Page 2515 - Week 07 - Thursday, 3 August 2017
NAIDOC Week this year was a celebration of Indigenous culture and history and the achievements of Aboriginal and Torres Strait Islander people. The primary focus was on their languages, for languages matter. They matter as the primary way to safeguard and preserve cultural identity, linking people to their land and water, and in the transmission of Aboriginal and Torres Strait Islander history, spirituality and rites through story and song.
I learned more about the importance of Indigenous language preservation in my recent visit to the Australian Institute of Aboriginal and Torres Strait Islander Studies. The institute is situated near the National Museum of Australia and houses an amazing collection of artefacts, including film, photographs and printed material. A key function of the institute is to preserve Indigenous language, which includes the collection and publication of Indigenous dictionaries.
During my visit I learned from Dr Michael Walsh, senior research fellow with the institute’s centre for languages. Michael shared with me an in-depth look at how the languages were revitalised using both past and current sources. He gave an example of the process for recording each word. It is extremely complicated and can include as many as 13 to 15 sources, many dating back to the earliest surveyor records.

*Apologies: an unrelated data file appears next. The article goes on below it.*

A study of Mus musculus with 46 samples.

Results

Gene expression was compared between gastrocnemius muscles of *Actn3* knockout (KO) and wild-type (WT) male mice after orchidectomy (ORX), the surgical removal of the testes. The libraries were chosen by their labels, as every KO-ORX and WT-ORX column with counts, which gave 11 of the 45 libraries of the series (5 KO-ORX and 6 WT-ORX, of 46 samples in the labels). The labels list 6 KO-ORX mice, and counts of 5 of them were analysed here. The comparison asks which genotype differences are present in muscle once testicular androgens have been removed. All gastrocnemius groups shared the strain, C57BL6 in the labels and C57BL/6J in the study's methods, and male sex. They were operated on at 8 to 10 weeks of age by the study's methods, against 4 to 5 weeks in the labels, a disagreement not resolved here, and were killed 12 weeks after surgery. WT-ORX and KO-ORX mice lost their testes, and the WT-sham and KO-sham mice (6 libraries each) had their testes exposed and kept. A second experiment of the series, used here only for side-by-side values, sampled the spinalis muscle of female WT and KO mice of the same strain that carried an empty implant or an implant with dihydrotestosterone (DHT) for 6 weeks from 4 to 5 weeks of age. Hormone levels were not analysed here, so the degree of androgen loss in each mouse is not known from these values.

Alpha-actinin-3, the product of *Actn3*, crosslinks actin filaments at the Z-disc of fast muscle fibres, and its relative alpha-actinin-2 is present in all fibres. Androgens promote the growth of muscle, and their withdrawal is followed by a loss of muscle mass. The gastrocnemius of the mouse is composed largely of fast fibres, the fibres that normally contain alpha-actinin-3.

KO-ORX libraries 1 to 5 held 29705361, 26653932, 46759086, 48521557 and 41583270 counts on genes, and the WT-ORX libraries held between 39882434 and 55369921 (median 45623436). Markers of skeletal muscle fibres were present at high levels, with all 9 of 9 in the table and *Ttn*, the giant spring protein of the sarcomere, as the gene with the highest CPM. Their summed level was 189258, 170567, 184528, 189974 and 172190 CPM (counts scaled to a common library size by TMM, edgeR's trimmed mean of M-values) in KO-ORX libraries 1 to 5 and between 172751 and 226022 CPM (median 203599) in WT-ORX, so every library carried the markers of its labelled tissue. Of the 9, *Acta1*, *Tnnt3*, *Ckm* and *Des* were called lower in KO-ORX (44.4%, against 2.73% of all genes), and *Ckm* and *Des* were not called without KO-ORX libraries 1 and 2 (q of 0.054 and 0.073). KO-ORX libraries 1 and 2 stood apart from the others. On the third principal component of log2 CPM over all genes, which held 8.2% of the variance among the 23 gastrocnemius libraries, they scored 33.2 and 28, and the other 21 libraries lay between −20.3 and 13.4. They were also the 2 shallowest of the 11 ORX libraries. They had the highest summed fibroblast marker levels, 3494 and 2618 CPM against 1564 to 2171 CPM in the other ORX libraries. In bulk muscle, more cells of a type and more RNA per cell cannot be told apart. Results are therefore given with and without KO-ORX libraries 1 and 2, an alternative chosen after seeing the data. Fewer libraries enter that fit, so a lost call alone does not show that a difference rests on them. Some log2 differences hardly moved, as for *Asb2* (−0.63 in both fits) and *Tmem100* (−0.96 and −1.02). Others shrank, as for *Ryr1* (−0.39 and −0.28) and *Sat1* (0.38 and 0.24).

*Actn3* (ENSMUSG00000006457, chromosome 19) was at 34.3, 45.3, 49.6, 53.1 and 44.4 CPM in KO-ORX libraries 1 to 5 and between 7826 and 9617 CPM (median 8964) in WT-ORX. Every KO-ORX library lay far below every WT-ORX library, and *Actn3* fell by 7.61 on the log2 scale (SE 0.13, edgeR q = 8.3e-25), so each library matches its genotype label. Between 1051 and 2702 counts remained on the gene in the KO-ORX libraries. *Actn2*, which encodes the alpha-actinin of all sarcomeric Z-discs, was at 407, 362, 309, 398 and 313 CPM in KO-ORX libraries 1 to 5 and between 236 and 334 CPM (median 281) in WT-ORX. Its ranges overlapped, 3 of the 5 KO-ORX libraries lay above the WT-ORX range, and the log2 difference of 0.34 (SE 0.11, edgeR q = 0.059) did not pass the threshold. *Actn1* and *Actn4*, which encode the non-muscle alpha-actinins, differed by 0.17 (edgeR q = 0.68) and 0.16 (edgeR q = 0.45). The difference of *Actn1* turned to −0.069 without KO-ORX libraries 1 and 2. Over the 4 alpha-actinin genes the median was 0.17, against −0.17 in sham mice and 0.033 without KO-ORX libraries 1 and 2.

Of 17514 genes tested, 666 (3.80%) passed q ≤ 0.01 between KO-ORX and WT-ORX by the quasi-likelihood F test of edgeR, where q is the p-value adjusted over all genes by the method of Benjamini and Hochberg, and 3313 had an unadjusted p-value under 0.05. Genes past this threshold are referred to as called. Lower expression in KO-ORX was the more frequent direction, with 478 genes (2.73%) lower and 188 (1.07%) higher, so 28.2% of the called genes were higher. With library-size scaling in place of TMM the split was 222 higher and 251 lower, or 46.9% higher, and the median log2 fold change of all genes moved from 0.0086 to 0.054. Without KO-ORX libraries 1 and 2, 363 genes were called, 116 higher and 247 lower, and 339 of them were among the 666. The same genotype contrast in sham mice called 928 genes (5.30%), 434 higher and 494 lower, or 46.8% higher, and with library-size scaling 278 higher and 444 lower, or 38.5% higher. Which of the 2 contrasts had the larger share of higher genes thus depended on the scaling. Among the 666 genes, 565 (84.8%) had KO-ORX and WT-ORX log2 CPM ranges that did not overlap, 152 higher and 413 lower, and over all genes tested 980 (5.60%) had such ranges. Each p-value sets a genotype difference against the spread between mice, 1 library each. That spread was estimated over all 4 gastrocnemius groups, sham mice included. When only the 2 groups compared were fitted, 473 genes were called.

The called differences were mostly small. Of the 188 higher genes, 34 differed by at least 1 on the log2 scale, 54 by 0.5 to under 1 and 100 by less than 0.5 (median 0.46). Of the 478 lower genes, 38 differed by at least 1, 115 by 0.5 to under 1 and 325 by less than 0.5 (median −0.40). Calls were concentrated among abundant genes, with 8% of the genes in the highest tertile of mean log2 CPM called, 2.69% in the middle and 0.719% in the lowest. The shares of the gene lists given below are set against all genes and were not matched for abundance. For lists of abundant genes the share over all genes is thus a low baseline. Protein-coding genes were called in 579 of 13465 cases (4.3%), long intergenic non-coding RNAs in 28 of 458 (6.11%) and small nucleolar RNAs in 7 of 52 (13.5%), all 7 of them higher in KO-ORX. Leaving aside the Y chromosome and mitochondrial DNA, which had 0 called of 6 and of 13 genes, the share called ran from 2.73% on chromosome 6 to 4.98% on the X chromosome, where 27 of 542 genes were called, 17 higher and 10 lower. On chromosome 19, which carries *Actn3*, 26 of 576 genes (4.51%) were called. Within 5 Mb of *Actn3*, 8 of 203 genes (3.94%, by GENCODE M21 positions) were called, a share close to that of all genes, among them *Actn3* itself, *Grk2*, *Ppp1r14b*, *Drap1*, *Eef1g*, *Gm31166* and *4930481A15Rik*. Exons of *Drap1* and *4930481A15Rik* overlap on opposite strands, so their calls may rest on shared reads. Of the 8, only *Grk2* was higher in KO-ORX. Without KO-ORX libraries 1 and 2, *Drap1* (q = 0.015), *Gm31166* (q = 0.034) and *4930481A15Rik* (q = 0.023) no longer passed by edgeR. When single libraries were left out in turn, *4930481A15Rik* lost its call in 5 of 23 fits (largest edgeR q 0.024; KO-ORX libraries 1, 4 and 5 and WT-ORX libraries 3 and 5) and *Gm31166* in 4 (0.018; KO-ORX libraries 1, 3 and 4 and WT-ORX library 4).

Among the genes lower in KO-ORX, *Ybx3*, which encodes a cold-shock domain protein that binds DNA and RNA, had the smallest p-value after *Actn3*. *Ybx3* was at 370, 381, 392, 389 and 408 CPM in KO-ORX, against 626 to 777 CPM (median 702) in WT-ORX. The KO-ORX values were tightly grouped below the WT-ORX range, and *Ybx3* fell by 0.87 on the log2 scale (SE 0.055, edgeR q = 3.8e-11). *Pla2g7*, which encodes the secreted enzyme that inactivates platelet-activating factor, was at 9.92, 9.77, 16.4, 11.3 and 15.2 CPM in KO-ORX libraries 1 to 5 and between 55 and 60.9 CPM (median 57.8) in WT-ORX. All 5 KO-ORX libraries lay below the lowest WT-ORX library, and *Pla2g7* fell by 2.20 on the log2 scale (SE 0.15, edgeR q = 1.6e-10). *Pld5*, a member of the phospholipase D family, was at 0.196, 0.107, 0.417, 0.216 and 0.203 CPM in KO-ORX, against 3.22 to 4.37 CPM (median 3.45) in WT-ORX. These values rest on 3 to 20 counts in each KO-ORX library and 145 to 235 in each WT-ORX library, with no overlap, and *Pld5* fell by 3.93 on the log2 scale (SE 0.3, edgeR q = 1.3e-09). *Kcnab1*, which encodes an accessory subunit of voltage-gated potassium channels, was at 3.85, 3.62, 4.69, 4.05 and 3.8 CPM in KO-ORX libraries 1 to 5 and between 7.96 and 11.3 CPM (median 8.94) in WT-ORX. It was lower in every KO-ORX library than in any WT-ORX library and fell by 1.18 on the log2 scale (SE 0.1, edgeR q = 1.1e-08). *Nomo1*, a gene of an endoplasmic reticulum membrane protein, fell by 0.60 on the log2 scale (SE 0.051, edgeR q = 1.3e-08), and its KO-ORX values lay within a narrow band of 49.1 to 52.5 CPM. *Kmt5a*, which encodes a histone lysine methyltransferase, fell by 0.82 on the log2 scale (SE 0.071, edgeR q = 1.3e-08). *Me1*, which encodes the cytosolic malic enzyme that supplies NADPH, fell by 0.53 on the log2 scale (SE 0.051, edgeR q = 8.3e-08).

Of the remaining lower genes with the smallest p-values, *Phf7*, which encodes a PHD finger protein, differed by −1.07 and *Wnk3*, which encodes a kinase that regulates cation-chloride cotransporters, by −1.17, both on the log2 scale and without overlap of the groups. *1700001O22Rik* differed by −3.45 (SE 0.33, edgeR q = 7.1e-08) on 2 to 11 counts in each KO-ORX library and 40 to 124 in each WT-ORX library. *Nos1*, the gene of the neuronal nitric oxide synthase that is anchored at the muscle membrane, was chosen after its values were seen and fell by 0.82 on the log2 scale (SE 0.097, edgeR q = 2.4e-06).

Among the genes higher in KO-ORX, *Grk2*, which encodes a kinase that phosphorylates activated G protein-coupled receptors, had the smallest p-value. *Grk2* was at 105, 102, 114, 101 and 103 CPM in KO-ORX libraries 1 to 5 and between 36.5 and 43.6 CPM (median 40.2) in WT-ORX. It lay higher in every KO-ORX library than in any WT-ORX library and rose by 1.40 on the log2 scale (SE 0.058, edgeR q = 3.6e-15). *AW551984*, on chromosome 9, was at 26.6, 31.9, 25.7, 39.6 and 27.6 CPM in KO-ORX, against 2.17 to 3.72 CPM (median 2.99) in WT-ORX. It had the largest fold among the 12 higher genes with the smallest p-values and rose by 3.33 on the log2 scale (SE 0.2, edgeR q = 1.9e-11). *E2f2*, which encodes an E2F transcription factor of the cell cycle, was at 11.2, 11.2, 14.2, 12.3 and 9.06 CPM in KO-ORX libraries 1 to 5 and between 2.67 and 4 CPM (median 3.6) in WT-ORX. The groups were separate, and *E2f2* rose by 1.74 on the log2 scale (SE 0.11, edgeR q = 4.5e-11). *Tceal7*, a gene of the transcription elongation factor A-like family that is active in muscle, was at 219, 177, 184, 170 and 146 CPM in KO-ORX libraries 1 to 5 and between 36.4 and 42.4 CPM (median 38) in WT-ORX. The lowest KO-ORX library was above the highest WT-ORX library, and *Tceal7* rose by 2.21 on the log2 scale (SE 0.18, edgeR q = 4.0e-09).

I was interested to learn that the institute was a key contributor to the development of the acknowledgement of country in the Ngunnawal language used by Prime Minister Malcolm Turnbull in recent times. While this may seem easy, Michael shared that finding the right words—for example, for the word “acknowledge”—is not easy, as often these words do not have equivalent words in the Indigenous language.
This also opens up the importance of revitalising languages for local Canberran Aboriginals. However, it goes well beyond the welcome to country. Language links them to their land and lore and allows them to transmit their history, spirituality and rites. Having a written record of the languages of the local Indigenous people would also provide opportunities for books to be printed in that language and for their traditional stories to be published.
Question resolved in the affirmative.